The Myers-Briggs Type Indicator, or MBTI, is a personality test that categorizes individuals by psychological types based on factors such as thought process and intuition, according to the Myers & Briggs Foundation. The mother-daughter team of Katharine Briggs and Isabel Briggs Myers developed the test in the 1940s as an application of C.J. Jung’s theories, which imply that outwardly random differences in behavior are linked to consistent patterns of perception and judgement.
People are grouped into 16 personality types, depending on internal preferences that influence how they communicate and make decisions, the Myers & Briggs Foundation states. The MBTI compares how individuals gain awareness, known as perception, with how they draw conclusions, known as judgment. The test suggests that variations in these two qualities directly determine a person’s interests, skills, values and motivations.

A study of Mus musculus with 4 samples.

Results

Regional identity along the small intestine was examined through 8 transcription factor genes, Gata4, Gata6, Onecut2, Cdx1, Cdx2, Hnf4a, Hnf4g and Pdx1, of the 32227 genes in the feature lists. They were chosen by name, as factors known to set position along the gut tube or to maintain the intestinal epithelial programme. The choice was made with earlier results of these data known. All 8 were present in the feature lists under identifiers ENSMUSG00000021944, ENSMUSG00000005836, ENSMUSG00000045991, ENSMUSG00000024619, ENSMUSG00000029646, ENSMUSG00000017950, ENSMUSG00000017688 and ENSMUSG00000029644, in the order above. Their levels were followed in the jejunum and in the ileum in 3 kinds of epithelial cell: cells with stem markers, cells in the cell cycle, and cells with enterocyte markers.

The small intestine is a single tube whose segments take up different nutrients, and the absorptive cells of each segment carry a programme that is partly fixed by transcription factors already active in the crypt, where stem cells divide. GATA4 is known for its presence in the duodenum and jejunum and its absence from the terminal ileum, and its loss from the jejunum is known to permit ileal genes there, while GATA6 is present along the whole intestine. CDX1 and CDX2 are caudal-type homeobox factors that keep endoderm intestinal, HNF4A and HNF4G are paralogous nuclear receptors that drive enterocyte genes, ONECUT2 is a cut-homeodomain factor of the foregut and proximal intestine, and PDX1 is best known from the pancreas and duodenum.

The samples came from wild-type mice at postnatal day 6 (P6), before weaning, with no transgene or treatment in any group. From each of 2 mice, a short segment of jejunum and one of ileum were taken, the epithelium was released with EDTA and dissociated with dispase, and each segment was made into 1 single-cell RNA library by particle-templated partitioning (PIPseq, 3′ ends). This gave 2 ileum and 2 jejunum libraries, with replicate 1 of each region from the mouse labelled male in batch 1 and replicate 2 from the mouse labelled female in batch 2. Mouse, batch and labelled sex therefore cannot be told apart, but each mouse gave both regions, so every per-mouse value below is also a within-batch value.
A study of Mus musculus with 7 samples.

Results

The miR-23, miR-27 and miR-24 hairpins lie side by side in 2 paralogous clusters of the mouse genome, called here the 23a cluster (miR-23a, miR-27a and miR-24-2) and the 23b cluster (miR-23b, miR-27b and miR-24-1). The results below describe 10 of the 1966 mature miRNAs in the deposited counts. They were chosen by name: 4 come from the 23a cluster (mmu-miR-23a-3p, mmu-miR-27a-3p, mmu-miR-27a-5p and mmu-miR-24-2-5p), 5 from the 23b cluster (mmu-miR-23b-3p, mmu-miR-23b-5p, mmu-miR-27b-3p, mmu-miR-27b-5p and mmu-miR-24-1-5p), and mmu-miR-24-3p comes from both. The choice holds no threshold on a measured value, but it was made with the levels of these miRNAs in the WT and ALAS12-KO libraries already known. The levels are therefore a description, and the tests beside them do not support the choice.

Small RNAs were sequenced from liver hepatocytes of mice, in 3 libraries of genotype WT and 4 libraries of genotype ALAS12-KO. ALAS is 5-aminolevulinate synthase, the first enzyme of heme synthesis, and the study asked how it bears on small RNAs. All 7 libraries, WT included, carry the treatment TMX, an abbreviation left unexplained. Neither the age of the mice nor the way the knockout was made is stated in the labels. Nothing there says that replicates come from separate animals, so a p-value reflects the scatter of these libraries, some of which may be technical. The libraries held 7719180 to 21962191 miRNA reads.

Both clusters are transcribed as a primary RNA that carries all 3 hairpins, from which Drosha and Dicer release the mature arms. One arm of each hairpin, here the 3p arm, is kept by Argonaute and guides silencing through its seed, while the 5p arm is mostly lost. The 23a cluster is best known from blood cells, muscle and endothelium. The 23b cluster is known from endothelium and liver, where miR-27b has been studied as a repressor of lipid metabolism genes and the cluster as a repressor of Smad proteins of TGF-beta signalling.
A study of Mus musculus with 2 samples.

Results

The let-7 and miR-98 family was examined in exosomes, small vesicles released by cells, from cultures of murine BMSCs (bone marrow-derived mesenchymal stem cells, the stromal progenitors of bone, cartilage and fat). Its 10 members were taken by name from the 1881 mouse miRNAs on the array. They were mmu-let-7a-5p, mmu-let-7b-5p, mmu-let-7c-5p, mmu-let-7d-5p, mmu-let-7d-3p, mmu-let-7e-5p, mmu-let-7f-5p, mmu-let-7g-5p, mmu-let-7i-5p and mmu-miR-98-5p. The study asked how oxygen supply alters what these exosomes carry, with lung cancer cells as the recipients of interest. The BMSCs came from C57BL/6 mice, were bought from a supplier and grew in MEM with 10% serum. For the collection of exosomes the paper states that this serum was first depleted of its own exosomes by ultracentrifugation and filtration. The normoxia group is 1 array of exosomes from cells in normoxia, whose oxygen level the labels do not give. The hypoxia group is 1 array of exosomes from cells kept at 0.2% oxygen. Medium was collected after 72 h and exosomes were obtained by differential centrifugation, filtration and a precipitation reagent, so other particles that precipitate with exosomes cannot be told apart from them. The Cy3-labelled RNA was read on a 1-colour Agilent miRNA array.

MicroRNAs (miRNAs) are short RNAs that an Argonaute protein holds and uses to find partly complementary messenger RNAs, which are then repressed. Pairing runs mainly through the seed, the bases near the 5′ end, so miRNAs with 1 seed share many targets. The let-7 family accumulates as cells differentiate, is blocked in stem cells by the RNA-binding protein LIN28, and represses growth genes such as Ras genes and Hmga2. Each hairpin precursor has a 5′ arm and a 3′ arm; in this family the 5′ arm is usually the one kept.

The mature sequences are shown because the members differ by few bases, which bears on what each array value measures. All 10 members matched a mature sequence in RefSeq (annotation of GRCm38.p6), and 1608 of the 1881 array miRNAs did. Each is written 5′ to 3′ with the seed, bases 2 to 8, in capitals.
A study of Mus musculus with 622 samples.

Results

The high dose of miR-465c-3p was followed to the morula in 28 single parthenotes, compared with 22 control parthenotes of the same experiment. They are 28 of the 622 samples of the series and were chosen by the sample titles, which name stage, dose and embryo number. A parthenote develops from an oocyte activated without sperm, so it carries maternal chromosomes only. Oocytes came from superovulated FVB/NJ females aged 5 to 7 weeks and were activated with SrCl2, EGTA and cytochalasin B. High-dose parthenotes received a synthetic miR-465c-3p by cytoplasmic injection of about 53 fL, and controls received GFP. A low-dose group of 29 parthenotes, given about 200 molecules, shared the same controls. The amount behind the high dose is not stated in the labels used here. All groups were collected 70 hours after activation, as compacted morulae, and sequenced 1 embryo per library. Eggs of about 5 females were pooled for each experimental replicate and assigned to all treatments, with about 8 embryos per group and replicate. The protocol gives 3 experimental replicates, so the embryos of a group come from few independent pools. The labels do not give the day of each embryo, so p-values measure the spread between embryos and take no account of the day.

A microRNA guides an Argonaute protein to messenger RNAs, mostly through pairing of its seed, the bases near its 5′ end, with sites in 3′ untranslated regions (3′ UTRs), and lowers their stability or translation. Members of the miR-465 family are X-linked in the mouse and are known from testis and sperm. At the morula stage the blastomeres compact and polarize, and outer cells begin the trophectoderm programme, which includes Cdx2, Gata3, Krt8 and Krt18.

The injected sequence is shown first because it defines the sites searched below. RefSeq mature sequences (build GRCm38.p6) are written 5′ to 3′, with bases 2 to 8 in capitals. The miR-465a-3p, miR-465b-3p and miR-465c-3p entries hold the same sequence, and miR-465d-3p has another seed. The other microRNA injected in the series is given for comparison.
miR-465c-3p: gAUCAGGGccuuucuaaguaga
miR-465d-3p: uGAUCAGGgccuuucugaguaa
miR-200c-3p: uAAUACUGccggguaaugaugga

The main type indicators are extroversion versus introversion, sensing versus intuition, thinking versus feeling and judging versus perceiving, the Myers & Briggs Foundation explains. For example, extroversion and introversion distinguish between people who derive energy from active engagement with the outside world and people who gain more stimulation from self-reflection and solitary activities. Thinking and feeling indicators compare a thought process based on logic and foundational principles to a thought process based on circumstantial evaluation.
Since MBTI is widely used in education, counseling and job recruitment, the theory is heavily criticized for using clear-cut categorization when many individuals demonstrate a balance of different type indicators, according to Psychology Today. The theory is also controversial because the creators expanded upon Jung’s original indicators, and an individual’s categorization results may differ based on subtle variations in the question set.